Robert King Carter's Correspondence and Diary

   A Collection Transcribed
        and Digitized
   by Edmund Berkeley, Jr.



Letter from Robert Carter to Captain William Strother, November 28, 1729

     Robert Carter writes to Captain William Strother of King George County, November 28, 1729, concerning lands that Strother has purchased from "the Widow Cale" that lie adjacent to lands of Strother's, but to which the estate of Nathaniel Burwell may also have a claim.

Letter from Robert Carter to Captain William Strother, November 28, 1729

-1 -

Corotoman, [Lancaster County, Virginia]

28. Nov. 1729

Cap. William Strother

     I recd your Letter of the 13. Instt. by my Sloop. It must be owned
the Conveniency of the Widow Cale's Land to yours was a temptation to you to
buy it. From what the Widow said to me, & from what others told me I had
Intentions to send Orders to Mr Jones & Threalkill that no more Clearing
should be made on that side next the Widow, till I could be satisfied where
Mr Burwells proper Line should run. This order I now send to Mr
Jones tht the Overseer may conform to it. Yor Offer seems to be reasonable. You
propose to let me see your papers & your Title. You tell me you claim under
Motts patent; but that I take to be your Mistake. Burwell's Claim is
under Mott's patent, & yours I believe is under Catlet's which must be owned
to be the Elder, if the Widow's Title comes regularly to her. You were Over:
seer of my Affairs when Savage made his Survey, & I am apt to think were
at it. My directions to Savage were, tht. the Owners of the neighbouring Lands
might have Notice, that he would lay it out in a publick Manner, &
I have heard several times that Cale was at it & did not oppose his running
that Line. I believe all this you know. I must defend my Grandson's
Lands as well as I can; but where things are plain against me, I should
rather chuse to compose things in an amicable way; the Law, as yo say, ought to be the Last Resort & is so to all peaceable minds And if it appears we have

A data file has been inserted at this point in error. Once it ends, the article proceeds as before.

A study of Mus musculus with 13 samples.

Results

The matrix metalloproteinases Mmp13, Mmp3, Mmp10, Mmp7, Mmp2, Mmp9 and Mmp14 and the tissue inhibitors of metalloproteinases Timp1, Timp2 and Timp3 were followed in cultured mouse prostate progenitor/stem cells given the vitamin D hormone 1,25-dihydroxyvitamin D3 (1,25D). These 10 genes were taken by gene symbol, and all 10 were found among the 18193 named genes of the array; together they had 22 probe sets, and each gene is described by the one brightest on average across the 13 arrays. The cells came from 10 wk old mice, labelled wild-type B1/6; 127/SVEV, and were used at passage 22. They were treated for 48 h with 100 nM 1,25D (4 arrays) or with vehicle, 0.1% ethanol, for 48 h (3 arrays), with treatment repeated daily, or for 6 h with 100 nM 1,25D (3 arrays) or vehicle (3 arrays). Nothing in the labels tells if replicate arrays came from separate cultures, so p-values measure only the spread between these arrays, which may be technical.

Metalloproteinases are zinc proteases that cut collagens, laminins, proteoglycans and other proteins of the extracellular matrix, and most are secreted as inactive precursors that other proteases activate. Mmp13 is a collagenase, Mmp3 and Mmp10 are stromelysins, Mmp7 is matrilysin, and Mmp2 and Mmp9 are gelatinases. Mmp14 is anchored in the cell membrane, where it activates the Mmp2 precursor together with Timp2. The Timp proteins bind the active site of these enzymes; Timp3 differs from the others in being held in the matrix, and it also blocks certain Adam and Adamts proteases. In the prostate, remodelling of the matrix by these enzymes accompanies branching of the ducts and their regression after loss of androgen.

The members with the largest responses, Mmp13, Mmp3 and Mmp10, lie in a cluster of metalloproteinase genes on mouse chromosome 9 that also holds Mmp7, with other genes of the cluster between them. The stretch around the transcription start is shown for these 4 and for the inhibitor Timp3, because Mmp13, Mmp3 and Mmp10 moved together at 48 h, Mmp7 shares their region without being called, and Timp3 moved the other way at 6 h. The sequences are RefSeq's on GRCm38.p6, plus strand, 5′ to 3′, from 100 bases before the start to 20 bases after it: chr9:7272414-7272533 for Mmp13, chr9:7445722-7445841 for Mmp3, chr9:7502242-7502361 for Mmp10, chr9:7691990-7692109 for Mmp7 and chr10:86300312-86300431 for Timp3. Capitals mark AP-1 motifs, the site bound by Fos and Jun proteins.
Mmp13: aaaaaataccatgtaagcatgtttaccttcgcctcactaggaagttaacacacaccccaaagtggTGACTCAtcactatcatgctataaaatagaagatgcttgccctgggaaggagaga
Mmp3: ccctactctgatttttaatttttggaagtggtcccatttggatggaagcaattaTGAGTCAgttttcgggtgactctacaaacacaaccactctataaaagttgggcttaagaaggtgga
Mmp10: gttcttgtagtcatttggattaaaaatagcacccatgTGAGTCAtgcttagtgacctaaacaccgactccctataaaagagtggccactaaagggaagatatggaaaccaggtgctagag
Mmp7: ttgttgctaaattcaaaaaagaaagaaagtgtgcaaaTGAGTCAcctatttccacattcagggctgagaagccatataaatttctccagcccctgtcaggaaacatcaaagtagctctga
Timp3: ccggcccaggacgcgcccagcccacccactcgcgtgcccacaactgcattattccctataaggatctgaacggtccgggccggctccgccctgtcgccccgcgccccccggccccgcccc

cleared into the Widow's Bounds tht she hath a just Claim to I shall be willing
to purchase the Ground tht we have cleared, or rather to the Bounds Savage gave
us. This I think is as fair an Offer as I can make, & I beleve you will think so
too. The Ground already cleared I reckon is but a small piece, & all taken in
within the Widow's Bounds not very large. I write to Mr Jones to this purpose
& am

              Your humble Servant.


Source copy consulted: Letter book, 1728 August-1731 July, Robert Carter Papers (acc. no. 3807), Albert and Shirley Small Special Collections Library, University of Virginia.

The county and colony have been added for clarity to the heading on the draft.

[1] William Threalkill is mentioned in the 1733 inventory of Carter's estate as the overseer at Poplar Quarter, Stafford County. (Carter Papers: An Inventory. . . ." .)

[2] John Savage was a surveyor, later (1734) to be employed by Lord Fairfax while attempting to establish the boundaries of the proprietary. He had been appointed surveyor for King George County the year after that county was formed in 1720, and was referred to then as "gentleman." He was surveyor of Stafford County when he particpated in the Fairfax survey. ( Genealogies of Virginia Families from Tyler's Quarterly Historical and Genealogical Magazine. [Genealogical Publishing Co, 1981] Vol. I [of 4]:473; Brown. Virginia Baron. . . . pp. 83, 86, 88, 92; and Harrison. Landmarks. . . . p. 619. )

[3] Robert Carter's oldest daughter, Elizabeth, had three sons by her first husband, Nathaniel Burwell.

This text, originally posted in 2005, was revised July 20, 2015, to add footnotes and strengthen the modern language version text.